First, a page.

Friday, March 09, 2007

Smart, white, conservative men to the rescue again: I just can't think of very many political values that I cherish more than free speech. So I decided to run a multiple regression with General Social Survey data to identify folks who are its weakest supporters. For my dependent variable, I chose whether or not you favored allowing a racist to speak in public (1 for yes, 0 for no).

Here are the standardized coefficients, from strongest to weakest:


Standardized Coefficients

IQ .15
Years of education .12
Frequency of church attendance -.11
Being a woman -.07
Politically liberal -.05
Being black -.04
Income .03

So, a free speecher is likely to be smart, educated, non-churchgoing, male, conservative, white, and wealthy. The first three are especially important. Generally, I like churchy people, but I suppose they do have an authoritarian streak. But look how it's the libs who want to shut people up. And I'm not surprised that the mommies want to wash our mouths out with soap for saying bad words.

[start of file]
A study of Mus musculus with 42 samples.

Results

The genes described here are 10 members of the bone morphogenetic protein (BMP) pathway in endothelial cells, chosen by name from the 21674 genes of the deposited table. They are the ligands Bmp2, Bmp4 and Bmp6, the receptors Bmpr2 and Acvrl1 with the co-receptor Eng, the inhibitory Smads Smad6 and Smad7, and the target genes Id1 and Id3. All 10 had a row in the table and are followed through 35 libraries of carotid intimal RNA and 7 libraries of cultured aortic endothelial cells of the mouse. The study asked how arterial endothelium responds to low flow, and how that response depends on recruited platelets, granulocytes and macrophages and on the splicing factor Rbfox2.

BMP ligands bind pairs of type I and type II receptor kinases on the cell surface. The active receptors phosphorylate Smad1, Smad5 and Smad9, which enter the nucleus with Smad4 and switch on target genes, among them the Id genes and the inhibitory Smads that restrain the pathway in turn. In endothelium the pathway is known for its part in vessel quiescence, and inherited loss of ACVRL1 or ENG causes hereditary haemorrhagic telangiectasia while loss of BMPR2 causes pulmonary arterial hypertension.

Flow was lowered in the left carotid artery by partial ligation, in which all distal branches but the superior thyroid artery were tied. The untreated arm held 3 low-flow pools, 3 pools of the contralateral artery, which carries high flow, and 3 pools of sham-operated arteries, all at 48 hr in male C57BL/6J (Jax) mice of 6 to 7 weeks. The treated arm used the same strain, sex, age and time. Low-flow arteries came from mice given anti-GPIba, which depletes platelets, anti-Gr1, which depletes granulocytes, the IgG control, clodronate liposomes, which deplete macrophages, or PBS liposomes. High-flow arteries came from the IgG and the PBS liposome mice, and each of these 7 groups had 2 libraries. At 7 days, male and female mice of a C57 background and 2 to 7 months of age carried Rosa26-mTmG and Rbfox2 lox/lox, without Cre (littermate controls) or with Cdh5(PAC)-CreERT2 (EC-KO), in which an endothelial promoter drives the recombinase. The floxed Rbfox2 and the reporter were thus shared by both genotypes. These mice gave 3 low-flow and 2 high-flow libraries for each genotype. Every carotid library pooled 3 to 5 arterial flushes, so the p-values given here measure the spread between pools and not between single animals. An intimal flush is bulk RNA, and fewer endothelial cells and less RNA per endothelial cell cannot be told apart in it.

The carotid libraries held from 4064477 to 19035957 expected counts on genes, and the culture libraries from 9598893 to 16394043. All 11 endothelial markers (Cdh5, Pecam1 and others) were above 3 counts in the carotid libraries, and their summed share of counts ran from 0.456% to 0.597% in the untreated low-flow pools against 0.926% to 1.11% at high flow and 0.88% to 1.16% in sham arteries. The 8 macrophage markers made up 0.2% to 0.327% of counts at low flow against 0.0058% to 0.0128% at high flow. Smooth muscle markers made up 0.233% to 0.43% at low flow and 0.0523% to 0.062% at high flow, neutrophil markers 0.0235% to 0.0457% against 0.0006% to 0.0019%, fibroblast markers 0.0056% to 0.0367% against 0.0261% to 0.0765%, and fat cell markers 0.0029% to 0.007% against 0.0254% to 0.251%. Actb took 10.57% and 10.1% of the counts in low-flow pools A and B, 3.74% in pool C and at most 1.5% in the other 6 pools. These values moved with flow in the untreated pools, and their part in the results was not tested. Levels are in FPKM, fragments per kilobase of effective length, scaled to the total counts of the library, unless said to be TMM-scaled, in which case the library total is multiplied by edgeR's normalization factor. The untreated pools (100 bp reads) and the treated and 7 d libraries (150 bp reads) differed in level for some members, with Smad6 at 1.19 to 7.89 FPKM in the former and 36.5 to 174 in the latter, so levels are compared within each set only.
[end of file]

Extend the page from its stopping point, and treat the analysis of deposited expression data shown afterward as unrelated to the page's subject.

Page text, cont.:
"The very aim and end of our institutions is just this: that we may think what we like and say what we think."
~ Oliver Wendell Holmes

4 comments:

tggp said...

Bryan Caplan points out that paternalism should be called maternalism because women are more in favor of it.
http://econlog.econlib.org/archives/2007/03/make_that_mater.html

What other free-speech questions are in the survey?

Colin said...

Personality should be a better predictor than IQ.

Eysenck found a correlation between authoritarianism and personality. Moreover, he recognized similiarities in personality among fascists and communists: 'authoritarianism-of-the-left' (1954, 'The Psychology of Politics', London : Routledge, New York : Praeger)

Ron Guhname said...

tggp: I'm not sure about the full list, but I do know that they ask about racists, anti-religionists, and I think communists speaking in public and being a teacher.

Leonard said...

I am curious how the correlations change with different questions. It seems logical that a group particularly aggrieved by an activity would be more illiberal about it. Thus I'd suggest that the strength of the blackness correlate that you found is an artifact of asking about racism.

Are liberals less illiberal about communists and anti-religionists? I would guess so.

Using only the racism question is likely skew the correlations against liberals as a group, and also against liberal subpopulations (blacks and women).